I would be very averse to criticism of judicial decisions for two reasons. One that I have complete faith that they are based on wisdom and knowledge of law, derived from decades of faithful service as officers of the courts and second the concern that I may in my ignorance, say something that may fall in the category of contempt. I however find this in conflict with my ability to think rationally and exercise, what is known as ‘conventional wisdom’. My notions on justice are based on family associations with the bar and bench since my grandfather was a judge and his son (my late uncle) an honorable justice of the Supreme Court.
I have on some occasions found verdicts that defy common sense, but later discovered that there was a ‘method in the madness’ and it was my inadequacy of understanding the law with all its intricacies and applications that was the reason for my point of view. Yet to err is human and there are instances, where one does not comprehend the logic behind certain decisions. One such case is the recent order that hate speeches being made by the disqualified Prime Minister, his daughter and son in law will not be aired. What I fail to understand is that why didn’t the decision strike at the source of such utterances, instead of restraining their proliferation? Why did the judgment resort to firefighting instead of removing the cause of conflagration? It is more than likely that the ex PM and his daughter will not be deterred by the judgment since it does not stop them from spewing hate against state institutions. More ominously, they have now openly begun inciting a rebellion and undoing what a few men of courage have undertaken to accomplish i.e. clean up the mess created by politicians. It is for the legal community to interpret that ‘incitement to rebellion’ against state organs falls under which particular category of Pakistan Law.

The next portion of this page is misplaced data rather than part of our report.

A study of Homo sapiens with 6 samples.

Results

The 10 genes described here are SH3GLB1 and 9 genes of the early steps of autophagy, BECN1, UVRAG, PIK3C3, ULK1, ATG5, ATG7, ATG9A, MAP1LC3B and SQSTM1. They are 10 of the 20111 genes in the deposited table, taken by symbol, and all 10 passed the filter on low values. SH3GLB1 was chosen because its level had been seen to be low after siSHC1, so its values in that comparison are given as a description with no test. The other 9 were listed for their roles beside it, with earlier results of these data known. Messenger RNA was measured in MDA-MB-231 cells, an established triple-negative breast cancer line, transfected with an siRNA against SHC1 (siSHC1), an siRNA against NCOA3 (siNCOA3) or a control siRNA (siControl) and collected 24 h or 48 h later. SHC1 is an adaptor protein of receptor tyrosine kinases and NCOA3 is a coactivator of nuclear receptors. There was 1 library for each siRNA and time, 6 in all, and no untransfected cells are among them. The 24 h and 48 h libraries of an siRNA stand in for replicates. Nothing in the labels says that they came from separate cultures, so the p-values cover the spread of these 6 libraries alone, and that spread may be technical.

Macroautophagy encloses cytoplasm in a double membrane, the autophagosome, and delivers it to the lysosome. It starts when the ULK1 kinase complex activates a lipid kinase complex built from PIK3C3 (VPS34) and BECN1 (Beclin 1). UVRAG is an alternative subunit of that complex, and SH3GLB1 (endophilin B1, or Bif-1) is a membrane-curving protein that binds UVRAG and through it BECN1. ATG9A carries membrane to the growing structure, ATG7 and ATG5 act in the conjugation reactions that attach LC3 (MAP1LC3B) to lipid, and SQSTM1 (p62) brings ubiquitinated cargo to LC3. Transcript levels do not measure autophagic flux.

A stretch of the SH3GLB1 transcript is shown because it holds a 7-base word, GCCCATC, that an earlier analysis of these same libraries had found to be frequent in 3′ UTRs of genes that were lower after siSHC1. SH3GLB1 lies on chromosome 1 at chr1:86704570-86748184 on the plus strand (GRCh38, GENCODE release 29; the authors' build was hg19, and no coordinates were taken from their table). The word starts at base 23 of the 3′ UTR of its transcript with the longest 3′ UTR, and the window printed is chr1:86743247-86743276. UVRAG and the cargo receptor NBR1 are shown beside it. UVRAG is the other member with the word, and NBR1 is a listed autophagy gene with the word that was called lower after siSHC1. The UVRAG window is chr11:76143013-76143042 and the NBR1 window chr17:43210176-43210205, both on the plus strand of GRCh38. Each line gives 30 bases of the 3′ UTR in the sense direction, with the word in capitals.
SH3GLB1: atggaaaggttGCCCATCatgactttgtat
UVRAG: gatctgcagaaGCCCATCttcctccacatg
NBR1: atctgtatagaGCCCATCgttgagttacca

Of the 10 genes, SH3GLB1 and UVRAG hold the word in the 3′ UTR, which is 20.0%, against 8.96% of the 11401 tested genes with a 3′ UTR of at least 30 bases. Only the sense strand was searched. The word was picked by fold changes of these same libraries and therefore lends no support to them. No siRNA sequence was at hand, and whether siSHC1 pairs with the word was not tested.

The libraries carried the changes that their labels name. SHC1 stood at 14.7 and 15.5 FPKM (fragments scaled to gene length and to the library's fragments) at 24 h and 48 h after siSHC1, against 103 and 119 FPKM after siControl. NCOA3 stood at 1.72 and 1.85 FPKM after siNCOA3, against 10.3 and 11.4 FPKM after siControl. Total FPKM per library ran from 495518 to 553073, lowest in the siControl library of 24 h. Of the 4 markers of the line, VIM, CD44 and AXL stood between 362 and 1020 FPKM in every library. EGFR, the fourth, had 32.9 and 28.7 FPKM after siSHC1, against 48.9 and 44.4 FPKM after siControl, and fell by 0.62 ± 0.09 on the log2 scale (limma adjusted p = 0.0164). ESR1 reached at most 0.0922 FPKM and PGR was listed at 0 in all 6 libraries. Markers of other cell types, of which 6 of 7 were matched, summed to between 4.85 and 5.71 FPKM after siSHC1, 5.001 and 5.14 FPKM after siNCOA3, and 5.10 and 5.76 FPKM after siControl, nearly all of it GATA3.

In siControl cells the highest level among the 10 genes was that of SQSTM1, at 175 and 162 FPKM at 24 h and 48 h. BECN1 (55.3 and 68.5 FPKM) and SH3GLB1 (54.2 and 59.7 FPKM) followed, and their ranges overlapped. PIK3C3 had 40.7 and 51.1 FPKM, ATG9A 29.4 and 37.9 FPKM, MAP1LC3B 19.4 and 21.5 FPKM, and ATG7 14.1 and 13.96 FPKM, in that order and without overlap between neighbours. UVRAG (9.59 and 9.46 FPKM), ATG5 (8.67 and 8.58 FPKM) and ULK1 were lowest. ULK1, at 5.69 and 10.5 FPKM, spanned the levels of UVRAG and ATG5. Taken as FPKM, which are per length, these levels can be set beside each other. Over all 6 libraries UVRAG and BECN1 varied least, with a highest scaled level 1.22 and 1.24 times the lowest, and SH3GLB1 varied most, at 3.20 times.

I have always held the opinion that treason is a word not to be banded around callously and if it has to be applied it must be done judiciously and with extreme caution. Events have however indicated that we – the people of Pakistan have been ruled by a family that not only fraternises with the enemy, but follows their agenda of creating mayhem and weaken the state structure from within. The result is that we do not see any government worth its mention. We are however fortunate that State machinery is running on ‘auto’ and because of a well-established bureaucracy system, but many question marks have lately appeared against our civil servants and their loyalties to individuals rather than the State. Our two pillars of strength however are the defense forces and higher judiciary. These institutions have proved their unflinching patriotism and commitment to Pakistan. While the Armed Forces are protecting our internal and external frontiers, judicial activism at its best, is endeavoring to rectify the mess precipitated by corrupt political players. This task is not an easy one, as it is herculean in nature. There is corruption everywhere (even in the most insignificant public department), the education system is in shambles, clean drinking water is unavailable giving rise to serious viral disorders, there is a total absence of effective healthcare and law enforcement is a farce supposedly enforced by a police force that is rotten from within.
I shall however return to the term ‘treason’ and its application on incitement of rebellion. Our reasoning is corrupted to the extent that we now refer to rebels and secessionists as heroes. And when the hour of reckoning draws near, when the window for change offers itself to the nation, we shall once again vote these individuals into the Parliament or even the highest executive office in the land. What more can I say about the nation except mourn their lack of vision and wisdom and follow this up with a prayer – God Almighty give the people eyes that see and help them choose wisely for they know not, what they do.
The writer is a freelance columnist.